There was big news out of Iran this weekend: Grand Ayatollah Hossein Ali Montazeri, perhaps the most renowned religious figure in Iran, has passed away. Montazeri was once Ayatollah Khomeini’s deputy, but later had a falling out and became a vocal critic of the concept of clerical rule. He had been under house arrest for years.
Montazeri’s memoirs, banned from publication in Iran during the time of the supposedly liberal Mohammad Khatami, acknowledge and detail the horrendous human-rights abuses conducted by the regime. The Iran Human Rights Documentation Center, whose funding the Obama administration cut without explanation, documented many of the abuses discussed by Montazeri.
While the media focuses on popular protests in Iran, such as those which occurred in Iran after this summer’s flawed elections, the real Achilles Heel to the Iranian regime is Shi’ism. Simply put, it is hard for Supreme Leader Ali Khamenei to claim ultimate political and religious authority when he is outranked by many clerics who oppose him and his philosophy of government. Khamenei previously made a play for ultimate religious authority after the passing of Grand Ayatollah Araki in 1994, but was figuratively laughed off the religious stage.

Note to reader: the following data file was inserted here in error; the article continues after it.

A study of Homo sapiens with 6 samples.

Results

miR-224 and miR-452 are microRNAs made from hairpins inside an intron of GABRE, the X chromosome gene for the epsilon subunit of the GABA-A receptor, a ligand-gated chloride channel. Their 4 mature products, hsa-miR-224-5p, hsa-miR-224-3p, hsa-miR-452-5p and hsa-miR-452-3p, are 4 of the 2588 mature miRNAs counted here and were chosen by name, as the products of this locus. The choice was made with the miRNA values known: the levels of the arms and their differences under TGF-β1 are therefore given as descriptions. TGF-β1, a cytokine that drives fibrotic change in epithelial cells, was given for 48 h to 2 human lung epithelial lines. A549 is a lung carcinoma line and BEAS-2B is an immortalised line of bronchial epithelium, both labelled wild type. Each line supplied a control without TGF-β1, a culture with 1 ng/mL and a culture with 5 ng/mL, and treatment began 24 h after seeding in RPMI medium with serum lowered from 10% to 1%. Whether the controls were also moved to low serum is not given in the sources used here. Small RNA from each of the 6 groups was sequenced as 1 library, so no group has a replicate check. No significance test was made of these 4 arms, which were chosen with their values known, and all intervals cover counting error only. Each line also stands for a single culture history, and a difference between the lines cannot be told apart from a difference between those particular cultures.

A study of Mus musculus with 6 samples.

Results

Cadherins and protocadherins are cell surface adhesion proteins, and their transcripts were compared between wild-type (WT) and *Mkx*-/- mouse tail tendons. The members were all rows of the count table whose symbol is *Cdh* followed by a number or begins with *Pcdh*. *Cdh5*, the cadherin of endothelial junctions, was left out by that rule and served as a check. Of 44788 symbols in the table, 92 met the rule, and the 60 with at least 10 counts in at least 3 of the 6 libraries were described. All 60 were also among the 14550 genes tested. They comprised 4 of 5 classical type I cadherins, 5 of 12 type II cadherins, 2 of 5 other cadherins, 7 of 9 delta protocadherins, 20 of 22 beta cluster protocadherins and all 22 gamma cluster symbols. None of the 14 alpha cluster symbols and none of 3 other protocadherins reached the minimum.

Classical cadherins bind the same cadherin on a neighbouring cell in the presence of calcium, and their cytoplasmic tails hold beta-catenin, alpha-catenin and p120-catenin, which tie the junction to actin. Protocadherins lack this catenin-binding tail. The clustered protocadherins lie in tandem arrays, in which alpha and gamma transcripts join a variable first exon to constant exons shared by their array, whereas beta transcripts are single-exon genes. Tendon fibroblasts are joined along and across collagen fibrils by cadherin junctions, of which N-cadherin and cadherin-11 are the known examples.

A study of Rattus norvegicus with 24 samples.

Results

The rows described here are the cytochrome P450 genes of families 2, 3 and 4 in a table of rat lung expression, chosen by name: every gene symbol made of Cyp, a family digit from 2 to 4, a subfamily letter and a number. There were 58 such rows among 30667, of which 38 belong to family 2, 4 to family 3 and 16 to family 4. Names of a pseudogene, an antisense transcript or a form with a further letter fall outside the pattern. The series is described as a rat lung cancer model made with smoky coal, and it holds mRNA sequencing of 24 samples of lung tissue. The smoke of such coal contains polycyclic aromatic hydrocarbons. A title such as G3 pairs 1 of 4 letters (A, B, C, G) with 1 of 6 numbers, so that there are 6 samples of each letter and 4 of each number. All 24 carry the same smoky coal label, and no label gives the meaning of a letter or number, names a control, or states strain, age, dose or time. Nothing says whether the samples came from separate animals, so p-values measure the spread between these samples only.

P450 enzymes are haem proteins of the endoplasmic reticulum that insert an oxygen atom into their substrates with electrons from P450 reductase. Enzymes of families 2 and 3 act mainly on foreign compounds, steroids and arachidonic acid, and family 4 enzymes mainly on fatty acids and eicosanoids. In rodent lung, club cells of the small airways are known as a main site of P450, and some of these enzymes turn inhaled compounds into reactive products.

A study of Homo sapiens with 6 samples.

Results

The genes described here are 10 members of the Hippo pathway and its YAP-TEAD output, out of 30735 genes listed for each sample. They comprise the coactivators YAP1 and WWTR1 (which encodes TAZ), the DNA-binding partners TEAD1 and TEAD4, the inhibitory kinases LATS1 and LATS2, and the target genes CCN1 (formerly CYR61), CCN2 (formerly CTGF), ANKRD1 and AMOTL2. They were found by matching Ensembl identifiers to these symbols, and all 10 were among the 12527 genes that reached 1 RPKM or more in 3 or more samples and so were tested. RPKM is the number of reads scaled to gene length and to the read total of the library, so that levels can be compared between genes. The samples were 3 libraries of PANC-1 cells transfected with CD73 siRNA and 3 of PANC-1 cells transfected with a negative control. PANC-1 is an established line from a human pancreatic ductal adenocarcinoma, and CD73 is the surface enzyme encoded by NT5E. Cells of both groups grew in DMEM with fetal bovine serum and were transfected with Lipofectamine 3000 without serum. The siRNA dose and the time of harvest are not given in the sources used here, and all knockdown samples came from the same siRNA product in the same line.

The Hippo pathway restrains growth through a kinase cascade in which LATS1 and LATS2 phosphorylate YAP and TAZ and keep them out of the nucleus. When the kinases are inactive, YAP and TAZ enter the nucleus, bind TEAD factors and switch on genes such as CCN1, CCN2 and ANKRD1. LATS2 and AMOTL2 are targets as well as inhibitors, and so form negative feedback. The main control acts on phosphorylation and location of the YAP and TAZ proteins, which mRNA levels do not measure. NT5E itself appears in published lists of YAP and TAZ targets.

Khamenei’s reaction, in a letter of condolence to the family of Montazeri (translated by Ali Alfoneh and delivered to those who have requested a free subscription to the Iran News Round Up) was remarkably uncharitable. Khamenei called Montazeri “Ayatollah” rather than “Grand Ayatollah” and wrote, “During the final years of the blessed life of the Imam [Khomeini], [Montazeri] was subjected to a difficult and dangerous test, and I ask God to forgive and show his mercy upon him and consider this worldly punishments as atonement [of Montazeri's sins.]“
The mourning for Montazeri could provide another test for the regime, especially as it comes so close to Ashura, the Shi’a holiday marked by passion plays and mourning for the martyrdom of Hussein at the hands of a regime Shi’a consider illegitimate.
All eyes should return to Iran. Perhaps Obama will have a second chance to voice moral clarity and cast his lot with the Iranian people, rather than the regime which they detest.